Thousands of soldiers, armed police, civil servants and members of the public are battling floods in several provinces along the Yangtze River.
In Hunan Province, the water level at the Changsha monitoring station in the Xiangjiang River, a major Yangtze tributary, reached a record high of 39.51 meters early Monday, higher than the previous record of 39.18 meters set by a massive flood in 1998.
Floods have inundated houses, uprooted trees, damaged cars and sabotaged roads in Changsha, capital of Hunan.
The public, even elementary school students who are on summer vacation, volunteered to help fill sandbags to prevent the water from overflowing. Fourth grader Yang Shan, who lives in downtown Changsha, distributed ropes and filled sandbags for soldiers to carry to the riverbank.
Intermittent rain is forecast to last in Changsha until Wednesday, and the city is under heavy pressure to battle flooding.
In neighboring Hubei Province, the Three Gorges Dam on the upper Yangtze has reduced water discharge by 70 percent in the last three days.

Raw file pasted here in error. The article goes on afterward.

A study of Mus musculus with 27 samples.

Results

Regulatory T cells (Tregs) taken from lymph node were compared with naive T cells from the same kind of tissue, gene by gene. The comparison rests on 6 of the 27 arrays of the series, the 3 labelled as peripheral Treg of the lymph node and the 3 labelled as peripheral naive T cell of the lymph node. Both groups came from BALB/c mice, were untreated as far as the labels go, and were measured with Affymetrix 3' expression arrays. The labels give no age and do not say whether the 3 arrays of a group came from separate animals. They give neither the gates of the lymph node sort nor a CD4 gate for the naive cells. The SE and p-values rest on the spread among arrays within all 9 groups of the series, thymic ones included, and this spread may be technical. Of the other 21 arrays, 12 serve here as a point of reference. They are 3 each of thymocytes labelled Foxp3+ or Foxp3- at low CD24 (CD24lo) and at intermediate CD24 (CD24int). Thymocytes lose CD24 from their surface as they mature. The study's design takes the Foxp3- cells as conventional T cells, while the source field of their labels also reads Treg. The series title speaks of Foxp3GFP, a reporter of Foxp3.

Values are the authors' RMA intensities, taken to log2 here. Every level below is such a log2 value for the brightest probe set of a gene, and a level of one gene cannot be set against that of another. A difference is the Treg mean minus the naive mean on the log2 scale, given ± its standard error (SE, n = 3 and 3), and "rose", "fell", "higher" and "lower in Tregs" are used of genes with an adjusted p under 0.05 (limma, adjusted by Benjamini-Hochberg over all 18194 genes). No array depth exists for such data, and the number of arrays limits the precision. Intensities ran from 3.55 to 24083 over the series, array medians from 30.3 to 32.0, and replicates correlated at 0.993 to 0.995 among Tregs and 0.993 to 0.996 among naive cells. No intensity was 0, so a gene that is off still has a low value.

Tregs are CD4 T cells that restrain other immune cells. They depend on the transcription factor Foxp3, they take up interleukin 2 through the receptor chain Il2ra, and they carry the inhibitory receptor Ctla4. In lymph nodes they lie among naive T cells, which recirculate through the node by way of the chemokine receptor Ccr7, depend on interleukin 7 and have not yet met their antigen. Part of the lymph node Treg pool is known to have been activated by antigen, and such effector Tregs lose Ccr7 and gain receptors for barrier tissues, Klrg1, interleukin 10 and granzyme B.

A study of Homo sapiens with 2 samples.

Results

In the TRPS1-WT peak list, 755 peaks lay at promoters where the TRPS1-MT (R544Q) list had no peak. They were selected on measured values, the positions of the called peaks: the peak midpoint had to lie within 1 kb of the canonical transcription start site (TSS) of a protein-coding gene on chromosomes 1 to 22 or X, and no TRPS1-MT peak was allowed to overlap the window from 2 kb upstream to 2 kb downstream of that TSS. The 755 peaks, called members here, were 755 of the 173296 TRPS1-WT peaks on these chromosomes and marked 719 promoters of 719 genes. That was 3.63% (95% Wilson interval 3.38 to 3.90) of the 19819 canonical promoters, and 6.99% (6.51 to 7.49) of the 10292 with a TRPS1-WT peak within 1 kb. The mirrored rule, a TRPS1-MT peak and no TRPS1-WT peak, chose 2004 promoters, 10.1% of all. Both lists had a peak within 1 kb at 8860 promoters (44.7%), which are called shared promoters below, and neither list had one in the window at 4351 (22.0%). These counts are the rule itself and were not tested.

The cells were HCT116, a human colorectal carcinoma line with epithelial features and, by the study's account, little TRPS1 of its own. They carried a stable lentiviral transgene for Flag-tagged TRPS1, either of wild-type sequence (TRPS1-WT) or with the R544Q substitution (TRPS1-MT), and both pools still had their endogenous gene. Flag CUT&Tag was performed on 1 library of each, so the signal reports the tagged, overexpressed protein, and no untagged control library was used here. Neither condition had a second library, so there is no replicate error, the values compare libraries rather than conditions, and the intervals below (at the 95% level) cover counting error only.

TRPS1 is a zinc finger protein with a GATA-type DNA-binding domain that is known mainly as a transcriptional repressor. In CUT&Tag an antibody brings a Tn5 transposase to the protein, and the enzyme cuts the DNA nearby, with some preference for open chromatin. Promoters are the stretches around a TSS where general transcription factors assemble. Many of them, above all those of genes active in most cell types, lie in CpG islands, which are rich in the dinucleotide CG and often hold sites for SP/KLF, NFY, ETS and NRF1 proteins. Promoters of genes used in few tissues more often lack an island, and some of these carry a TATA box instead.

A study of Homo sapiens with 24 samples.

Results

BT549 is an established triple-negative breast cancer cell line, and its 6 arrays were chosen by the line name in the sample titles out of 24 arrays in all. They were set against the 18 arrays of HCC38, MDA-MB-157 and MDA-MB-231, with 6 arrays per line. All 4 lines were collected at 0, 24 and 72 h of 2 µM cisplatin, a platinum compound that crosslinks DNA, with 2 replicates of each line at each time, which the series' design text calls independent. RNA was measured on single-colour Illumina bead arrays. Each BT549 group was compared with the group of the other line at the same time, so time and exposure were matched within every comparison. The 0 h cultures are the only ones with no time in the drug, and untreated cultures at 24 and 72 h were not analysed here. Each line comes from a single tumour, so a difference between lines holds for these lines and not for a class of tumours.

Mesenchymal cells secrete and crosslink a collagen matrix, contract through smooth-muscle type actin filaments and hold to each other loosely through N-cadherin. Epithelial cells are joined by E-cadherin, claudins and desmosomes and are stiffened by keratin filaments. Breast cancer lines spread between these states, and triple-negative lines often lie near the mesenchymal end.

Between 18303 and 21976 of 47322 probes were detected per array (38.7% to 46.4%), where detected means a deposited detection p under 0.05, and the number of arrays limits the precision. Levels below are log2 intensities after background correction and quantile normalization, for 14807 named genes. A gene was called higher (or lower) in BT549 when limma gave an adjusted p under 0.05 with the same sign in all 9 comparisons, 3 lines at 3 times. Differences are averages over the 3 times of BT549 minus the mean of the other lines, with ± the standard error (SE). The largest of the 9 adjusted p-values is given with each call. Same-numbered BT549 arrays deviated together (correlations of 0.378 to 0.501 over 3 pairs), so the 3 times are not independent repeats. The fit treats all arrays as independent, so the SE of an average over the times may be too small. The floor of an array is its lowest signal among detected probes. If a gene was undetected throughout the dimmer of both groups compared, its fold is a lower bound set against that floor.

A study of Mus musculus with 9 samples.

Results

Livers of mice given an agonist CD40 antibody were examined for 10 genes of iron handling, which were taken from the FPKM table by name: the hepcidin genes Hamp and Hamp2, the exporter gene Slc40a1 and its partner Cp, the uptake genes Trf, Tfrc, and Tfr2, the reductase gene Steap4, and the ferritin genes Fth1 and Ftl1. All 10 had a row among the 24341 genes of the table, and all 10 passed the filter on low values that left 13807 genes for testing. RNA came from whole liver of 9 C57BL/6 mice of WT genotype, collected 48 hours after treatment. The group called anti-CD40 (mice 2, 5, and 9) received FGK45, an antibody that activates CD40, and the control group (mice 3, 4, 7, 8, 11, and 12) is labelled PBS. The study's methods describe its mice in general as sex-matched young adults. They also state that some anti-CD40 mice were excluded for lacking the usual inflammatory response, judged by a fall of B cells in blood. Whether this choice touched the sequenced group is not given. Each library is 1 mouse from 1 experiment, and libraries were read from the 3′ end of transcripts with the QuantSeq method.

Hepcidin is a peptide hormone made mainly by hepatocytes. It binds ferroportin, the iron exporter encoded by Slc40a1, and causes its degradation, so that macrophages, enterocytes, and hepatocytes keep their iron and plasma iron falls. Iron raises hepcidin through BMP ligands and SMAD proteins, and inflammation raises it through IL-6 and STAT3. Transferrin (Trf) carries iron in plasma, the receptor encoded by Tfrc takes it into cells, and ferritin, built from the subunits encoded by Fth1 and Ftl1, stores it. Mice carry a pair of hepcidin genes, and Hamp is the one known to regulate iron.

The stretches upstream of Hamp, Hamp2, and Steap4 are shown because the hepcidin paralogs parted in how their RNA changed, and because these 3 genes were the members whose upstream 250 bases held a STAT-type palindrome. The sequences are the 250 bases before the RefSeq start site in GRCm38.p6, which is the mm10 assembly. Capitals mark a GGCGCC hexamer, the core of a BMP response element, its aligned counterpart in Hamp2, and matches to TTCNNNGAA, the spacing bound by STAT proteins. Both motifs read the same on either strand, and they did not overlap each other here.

Its flow was 27,000 cubic meters per second before July 1, but has now been reduced to 8,000 cubic meters per second, according to the Yangtze River Flood Prevention Headquarters.
The reduction stopped 3 billion cubic meters of water and lowered the water level by up to 1.5 meters, the headquarters said.
"We hope the reduction of outflow will give soldiers and the people enough time to evacuate and stack up sand bags to battle the flood," said Wu Zhaohui, an official with the water resources bureau in Hubei Province.
In Hubei alone, 16,000 people are on high alert for flooding.
In eastern Jiangxi Province, 28,100 people are battling against the floods, as water levels in the Jiangxi section of the Yangtze and Poyang Lake, China's largest fresh water lake, have risen above warning levels.
Heavy downpours also hit Sichuan Province on the upper reaches of the Yangtze. Chengdu Shuangliu International Airport in the provincial capital of Chengdu was forced to close down for over an hour on Monday afternoon.
Nearly 8,000 passengers were affected and 40 outbound flights were delayed.
Besides provinces along the Yangtze, other southern areas of China have also been plagued by heavy rain.
Rain-triggered floods have killed 16 people and left 10 missing in Guangxi Zhuang Autonomous Region, with 91,600 local residents relocated so far, according to the regional civil affairs department.
According to the Ministry of Finance, a total of 1.88 billion yuan (276.8 million U.S. dollars) was allocated to 20 provinces and regions Monday to aid disaster relief.